The CFA study program encompasses many areas of the financial industry, as well as a strong emphasis on ethics and professional responsibility. As we’ve discussed briefly, the CFA candidate must pass three exam levels. The CFA Institute recommends that each candidate spend at least 250 hours in preparation for each level. The curriculum is self-study, which means that the candidate can pace him or herself according to his or her own comfort level. However, as exams are only given on certain dates, the candidate must create the pace to fit within those timelines. From the organizational perspective, the fact that the program is self-paced is very important. The candidate that completes all three levels successfully will prove that he or she is dedicated, determined, and goal-oriented. From an education perspective, we know that any self-paced program requires this dedication and determination, not to mention the discipline to make study a part of every day life.
By Bryant Nielson, Managing Director On April 19, 2012 NO COMMENTS
The CFA designation, or Chartered Financial Analyst, is a high-level certification for professionals in the areas of investment and financial analysis. The program consists of self-study, along with three exam levels that measure almost every level of learning. Professionals must also meet criteria for time in the profession, as well as a high level of competency and ethics. The CFA program, offered by the CFA Institute, is global in its reach and has been in existence since 1962. In the financial world, a CFA designation is considered to be among the highest of professional designations. In view of these criteria, the CFA designation is beneficial for both the individual and the organization in several ways, including the curriculum, the CFA standards and recognition, competencies, and in an overall sense at the organizational level. Before we examine each piece, let’s discuss in more detail what the CFA designation means, which professionals hold this designation, and what organizations look for CFA designated charterholders.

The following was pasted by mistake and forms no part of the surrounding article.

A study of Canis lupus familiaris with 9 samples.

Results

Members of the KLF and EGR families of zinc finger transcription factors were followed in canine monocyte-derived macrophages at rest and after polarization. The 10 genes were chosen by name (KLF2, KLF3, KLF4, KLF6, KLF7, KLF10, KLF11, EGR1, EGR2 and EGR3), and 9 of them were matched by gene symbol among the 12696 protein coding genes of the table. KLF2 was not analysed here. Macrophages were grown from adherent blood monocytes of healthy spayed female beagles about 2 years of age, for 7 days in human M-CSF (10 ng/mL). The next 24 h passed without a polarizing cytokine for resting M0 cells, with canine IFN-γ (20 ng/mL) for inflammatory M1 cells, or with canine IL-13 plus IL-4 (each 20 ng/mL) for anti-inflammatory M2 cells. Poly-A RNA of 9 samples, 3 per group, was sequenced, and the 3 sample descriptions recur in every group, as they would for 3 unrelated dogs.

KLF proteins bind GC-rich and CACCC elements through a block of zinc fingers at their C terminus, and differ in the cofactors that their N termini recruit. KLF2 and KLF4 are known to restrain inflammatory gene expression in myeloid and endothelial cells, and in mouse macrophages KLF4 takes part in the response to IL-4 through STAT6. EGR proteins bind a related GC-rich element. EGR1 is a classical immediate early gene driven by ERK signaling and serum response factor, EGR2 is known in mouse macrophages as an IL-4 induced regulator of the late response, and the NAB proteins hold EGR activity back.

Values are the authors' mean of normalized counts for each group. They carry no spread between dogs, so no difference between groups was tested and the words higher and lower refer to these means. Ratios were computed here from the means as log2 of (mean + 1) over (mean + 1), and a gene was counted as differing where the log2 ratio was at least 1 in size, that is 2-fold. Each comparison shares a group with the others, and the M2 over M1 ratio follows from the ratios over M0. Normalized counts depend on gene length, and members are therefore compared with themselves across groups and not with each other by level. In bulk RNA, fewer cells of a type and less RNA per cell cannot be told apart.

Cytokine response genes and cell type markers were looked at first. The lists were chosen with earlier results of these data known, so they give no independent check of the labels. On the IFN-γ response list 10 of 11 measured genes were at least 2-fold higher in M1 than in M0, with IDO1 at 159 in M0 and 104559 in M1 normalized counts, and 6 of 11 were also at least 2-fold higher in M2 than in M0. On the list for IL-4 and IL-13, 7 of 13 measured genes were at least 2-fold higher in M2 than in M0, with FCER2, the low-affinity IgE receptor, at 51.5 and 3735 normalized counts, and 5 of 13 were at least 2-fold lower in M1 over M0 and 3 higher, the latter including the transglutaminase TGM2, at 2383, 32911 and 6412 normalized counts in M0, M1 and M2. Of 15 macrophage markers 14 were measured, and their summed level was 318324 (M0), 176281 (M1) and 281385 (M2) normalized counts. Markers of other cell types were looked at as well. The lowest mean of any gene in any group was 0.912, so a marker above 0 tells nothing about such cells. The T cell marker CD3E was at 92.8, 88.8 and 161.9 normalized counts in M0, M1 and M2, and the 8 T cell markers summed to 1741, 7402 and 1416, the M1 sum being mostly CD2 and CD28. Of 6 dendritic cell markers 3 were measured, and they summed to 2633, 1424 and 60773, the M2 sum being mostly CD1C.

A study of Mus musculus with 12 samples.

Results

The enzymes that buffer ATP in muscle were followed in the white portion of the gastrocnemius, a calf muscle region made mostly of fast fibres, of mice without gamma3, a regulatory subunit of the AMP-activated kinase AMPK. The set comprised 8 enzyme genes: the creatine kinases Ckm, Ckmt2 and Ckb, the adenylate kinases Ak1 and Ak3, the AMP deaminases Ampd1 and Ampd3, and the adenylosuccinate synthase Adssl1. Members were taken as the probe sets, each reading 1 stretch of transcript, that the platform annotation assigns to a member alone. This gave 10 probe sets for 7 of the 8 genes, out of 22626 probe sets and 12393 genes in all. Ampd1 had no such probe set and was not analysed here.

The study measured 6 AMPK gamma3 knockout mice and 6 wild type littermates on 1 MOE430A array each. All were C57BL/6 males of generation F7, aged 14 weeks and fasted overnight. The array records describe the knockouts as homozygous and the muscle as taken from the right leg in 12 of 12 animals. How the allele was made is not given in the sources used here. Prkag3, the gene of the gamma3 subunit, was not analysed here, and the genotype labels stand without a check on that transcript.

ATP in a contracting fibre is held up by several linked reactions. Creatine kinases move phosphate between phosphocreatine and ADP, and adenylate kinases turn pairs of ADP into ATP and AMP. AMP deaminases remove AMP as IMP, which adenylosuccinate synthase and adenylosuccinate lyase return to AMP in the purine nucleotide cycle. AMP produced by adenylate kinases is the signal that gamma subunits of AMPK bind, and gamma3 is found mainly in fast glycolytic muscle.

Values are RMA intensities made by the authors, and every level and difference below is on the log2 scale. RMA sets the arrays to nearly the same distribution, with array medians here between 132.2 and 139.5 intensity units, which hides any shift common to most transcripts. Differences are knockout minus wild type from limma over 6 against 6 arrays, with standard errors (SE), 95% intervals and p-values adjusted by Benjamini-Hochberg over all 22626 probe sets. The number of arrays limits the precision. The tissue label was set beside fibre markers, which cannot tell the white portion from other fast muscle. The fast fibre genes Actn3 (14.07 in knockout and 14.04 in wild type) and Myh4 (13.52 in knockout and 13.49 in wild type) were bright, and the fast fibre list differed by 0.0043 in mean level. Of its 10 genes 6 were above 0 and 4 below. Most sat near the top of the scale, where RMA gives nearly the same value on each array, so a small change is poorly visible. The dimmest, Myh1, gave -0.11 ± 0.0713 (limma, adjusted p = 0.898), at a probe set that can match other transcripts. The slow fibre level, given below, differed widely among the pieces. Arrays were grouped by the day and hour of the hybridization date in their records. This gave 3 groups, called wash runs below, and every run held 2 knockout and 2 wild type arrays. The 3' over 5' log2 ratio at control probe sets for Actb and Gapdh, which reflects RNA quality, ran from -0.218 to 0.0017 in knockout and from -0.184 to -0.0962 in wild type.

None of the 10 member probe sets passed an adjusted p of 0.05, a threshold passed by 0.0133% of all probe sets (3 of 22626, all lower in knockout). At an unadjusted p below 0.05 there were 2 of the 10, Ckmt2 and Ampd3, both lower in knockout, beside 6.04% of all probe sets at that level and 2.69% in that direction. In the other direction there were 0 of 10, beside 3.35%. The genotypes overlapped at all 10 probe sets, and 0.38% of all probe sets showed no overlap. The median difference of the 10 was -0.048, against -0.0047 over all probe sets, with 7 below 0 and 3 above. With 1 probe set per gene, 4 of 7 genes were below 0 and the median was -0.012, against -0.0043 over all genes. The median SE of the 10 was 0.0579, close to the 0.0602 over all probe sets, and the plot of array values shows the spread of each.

By Bryant Nielson, Managing Director On April 12, 2012 NO COMMENTS
Becoming a certified professional in any field can be a rigorous process. Some designations require classroom study and preparation, while others simply require that a designee pass an exam based on his or her knowledge. Curriculum is also important, but also based on the field. If the field is a dynamic one, such as the financial industry, then a curriculum should be dynamic to match the field. In terms of the risk management certifications, both PRMIA and GARP offer self study programs, designed to be “at pace” with the individual. But both organizations offer examinations that are rigorous and that will test the ability and knowledge of the candidate.
The PRM program is comprised of four exams. As we discussed, PRMIA does not require that a candidate take all four exams at one time, nor does the organization require that the exams be taken in a specific order. PRM Exam I covers theory related to finance, as well as financial instruments and markets. In Exam II, the candidate will need to understand the mathematics that accompanies risk measurement. Exam III is a test of common practices in the risk management filed, and exam IV covers professional standards, conduct, ethics, and bylaws as set by PRMIA.
By Bryant Nielson, Managing Director On April 5, 2012 NO COMMENTS
It’s very difficult to ensure that the individuals you hire into your organization have a recognized standard of knowledge, experience, and competency. You can certify internally, but this type of program does not have much meaning outside of your organization. That’s why it’s necessary to look for external certification sources. And in the case of risk management, the three certifications are highly visible, recognized, and set standards that will most likely improve your organization. Let’s look at how the PRM, FRM, and ERP standards look, and then discuss how those standards might impact your organization.
First, the Professional Risk Manager certification from PRMIA seems to have a high level of recognition throughout the industry. PRMIA defines its certification as the “benchmark” in global risk management. To begin with, the organization gives partial credit toward certification if you hold another designation, such as Actuarial Fellow, Actuarial Associate, or Chartered Financial Analyst (CFA), to name a few.
By Bryant Nielson, Managing Director On April 1, 2012 NO COMMENTS
Professional certifications are important to both the individuals that obtain them as well as the organizations in which those individuals work. In the financial field, personnel involved in risk management can obtain several important certifications from two major international groups. In today’s uncertain financial environment, professional certifications can go a long way to calm investors and regulators, as well as restore faith in the financial system in general.